Phanerozoic history of the central midcontinent, United States
Published:January 01, 1988
Bill J. Bunker, Brian J. Witzke, W. Lynn Watney, Greg A. Ludvigson, 1988. "Phanerozoic history of the central midcontinent, United States", Sedimentary Cover—North American Craton, L. L. Sloss
The Phanerozoic stratigraphic record in the central midcontinent region of North America is divided into six major depositional sequences, each bounded by major interregional unconformities (Sloss, 1963). The structural and stratigraphic development of this region is evaluated utilizing a series of isopach and paleogeologic maps constructed within the general framework of Sloss’ (1963) cratonic sequences (Fig. 1).
Figures & Tables
Sedimentary Cover—North American Craton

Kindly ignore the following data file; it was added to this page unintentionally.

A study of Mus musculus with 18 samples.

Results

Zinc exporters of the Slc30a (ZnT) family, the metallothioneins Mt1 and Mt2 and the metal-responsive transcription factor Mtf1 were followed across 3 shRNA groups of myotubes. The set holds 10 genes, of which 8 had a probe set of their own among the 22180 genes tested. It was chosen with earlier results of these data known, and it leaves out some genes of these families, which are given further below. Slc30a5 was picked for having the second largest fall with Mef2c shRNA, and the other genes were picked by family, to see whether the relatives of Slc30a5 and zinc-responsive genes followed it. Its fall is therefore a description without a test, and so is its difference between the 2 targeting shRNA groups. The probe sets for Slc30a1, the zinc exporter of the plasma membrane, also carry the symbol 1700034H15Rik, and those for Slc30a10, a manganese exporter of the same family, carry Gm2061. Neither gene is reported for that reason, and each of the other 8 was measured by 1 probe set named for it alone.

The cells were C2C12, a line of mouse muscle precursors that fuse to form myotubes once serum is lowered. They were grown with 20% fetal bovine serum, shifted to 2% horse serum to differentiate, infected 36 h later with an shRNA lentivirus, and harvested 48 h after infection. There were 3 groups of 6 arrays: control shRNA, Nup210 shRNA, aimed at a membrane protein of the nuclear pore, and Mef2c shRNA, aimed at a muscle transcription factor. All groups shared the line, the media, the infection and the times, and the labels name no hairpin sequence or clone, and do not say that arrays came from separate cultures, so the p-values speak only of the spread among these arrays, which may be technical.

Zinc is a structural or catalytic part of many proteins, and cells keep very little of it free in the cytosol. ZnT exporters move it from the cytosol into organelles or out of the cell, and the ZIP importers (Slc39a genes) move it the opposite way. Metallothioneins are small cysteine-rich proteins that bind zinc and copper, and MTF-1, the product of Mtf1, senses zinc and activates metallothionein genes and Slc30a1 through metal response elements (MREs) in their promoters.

The “sedimentary cover” refers to the stratified rocks of youngest Proterozoic and Phanerozoic age that rest upon the largely crystalline basement rocks of the continental interior. The early chapters of the volume present data and interpretations of the geophysics of the craton and summarize, with sequential maps, the tectonic evolution of the craton. The main body of the text and accompanying plates and figures present the stratigraphy, structural history, and economic geology of specific sedimentary basins (e.g., Appalachian basin) and regions (e.g., Rocky Mountains). The volume concludes with a summary chapter in which the currently popular theories of cratonal tectonics are discussed and the unresolved questions are identified.